It’s a start


Even without a working fridge I can get used to life in Geneva.

First few days in Geneva have been interesting – some things have been awesome, others not so great.

I guess I’m not too surprised that things got off to a rocky start here in Geneva. Leaving was hardly easy, so no surprise there were a few unpleasant surprises waiting for us here in Europe. Like the fridge not working. That’s a pretty major thing, and I truly believe that we completely take for granted our fridges until they stop working, and we wonder how we ever did anything without them. Like keep a babies’ milk cold. The first few evenings were chilly enough I was able to leave the milk outside, but that’s a stop gap that hardly helps.

Now we couldn’t have picked a worse time to arrive into Geneva – 7 pm on a Friday. Not that we chose that time, but it’s when we showed up. One of the things I love about the culture is that people seem to genuinely not work on evenings and weekends – there’s no checking emails every five minutes and you’re not expected to get back to anyone until Monday morning. Great, until you end up a little bit stranded for the whole weekend. We’ve made it work and the repairman is coming today, thank god, but I could have lived without that initial stress.

We went grocery shopping for the first time Saturday afternoon. Again, interesting, and again, we couldn’t have picked a worse time to go. We were set to peruse a little bit, except that the shop was closing in an hour for the rest of the weekend and it was PACKED. Full of people who acted as if I was in their way (I was). It was a little hectic, but we managed to get out of there with most of what it was we needed. In case you were wondering, yes, it is really expensive here in Geneva. I guess I’m lucky coming from Calgary, where things are also expensive so it’s not too much of a shock. If only living in expensive places makes you lucky.

There have been some really wonderful moments already as well. Sunday was fantastic. Everything shuts down on Sunday, so you really can’t do anything. Z and I are totally guilty of always finding something to do, some errands that have to be done on the weekend. I can’t remember the last time we just chilled and hung out with each other. Well, even with everything that has to get done here, we just weren’t able to do anything other than spend the day together. It was amazing. We went to a park a few blocks from our apartment, which was perfect. We wanted X to run around and get tired out, but he seemed overwhelmed by the amount of things to do, so stood in one spot and gaped at everything. He’ll get the hang of it. I heard English, French, Italian, German and Russian from the parents sitting around me. What fun to be in such an international community. People have already picked us out as Canadians, apparently from our hick French accents.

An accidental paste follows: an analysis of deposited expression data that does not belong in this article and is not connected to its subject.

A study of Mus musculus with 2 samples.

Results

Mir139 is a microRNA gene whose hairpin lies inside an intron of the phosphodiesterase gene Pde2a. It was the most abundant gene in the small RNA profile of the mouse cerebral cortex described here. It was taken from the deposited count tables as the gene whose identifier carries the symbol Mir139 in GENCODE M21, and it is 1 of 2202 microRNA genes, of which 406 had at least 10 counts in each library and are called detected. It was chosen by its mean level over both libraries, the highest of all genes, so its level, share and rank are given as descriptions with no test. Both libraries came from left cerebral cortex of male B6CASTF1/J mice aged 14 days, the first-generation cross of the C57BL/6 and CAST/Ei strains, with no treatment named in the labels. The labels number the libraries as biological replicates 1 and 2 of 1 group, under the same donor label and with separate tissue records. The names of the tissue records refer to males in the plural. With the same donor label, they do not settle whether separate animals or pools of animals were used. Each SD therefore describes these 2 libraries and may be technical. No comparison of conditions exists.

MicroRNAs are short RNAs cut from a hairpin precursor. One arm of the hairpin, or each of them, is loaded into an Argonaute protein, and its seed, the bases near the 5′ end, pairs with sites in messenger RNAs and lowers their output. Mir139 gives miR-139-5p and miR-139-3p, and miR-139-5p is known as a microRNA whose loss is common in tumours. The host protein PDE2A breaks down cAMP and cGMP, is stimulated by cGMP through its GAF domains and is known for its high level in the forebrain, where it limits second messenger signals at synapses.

Another thing that’s really making this move a lot nicer is the weather. It is glorious. Here is what I was coming from:


Edmonton, March 30, 2014 at noon: -12 C, feels like -19 C.


The “view” on our way to the Edmonton Airport.

Here is what I am dealing with now:


Geneva, April 6, 2014 at noon: 18C, feels like 18C


Springtime! I’ve never lived anywhere that’s had spring. Or that didn’t have a windchill factor. In fact, the 18 degrees felt much warmer than I’m used to. The air is soft and warm with humidity and everything smells like flowers and I am in love with Geneva already.

Another one of the challenges I’ve been dealing with is the language here. Yes, most people do speak English, I think, but they speak French first and foremost. Often loudly and rapid-fire. I’ve always heard that immersion is the only real way to learn a language, but this is my first time really experiencing it. I’m not trying to order a meal here, I’m trying to figure out the wifi with the repairman. My brain is coming up with stuff I thought was well and truly forgotten, and each time I come out of a conversation, more or less successfully, there’s a feeling of total satisfaction. I am definitely working on this, though. Z has suggested I take some classes, in a non critical way (I think), which would be amazing if I could find a place that included child care. Also a fun way to meet other ex-pats?


2 thoughts on “It’s a start

  1. I’m so glad you guys arrived safely and are settling in…even if sans fridge. Can’t wait to hear about your adventures! Also, I feel the need to report that it may actually, for real, no really for real, be spring here now (if only for 2 seconds) 🙂

  2. I’ve seen spring in Alberta, and I’m not convinced. Did you see the picture of the daffodils? I went for a walk last night at 9 pm, and it was 21C out. No comparison! … although I do hope things warm up for you too.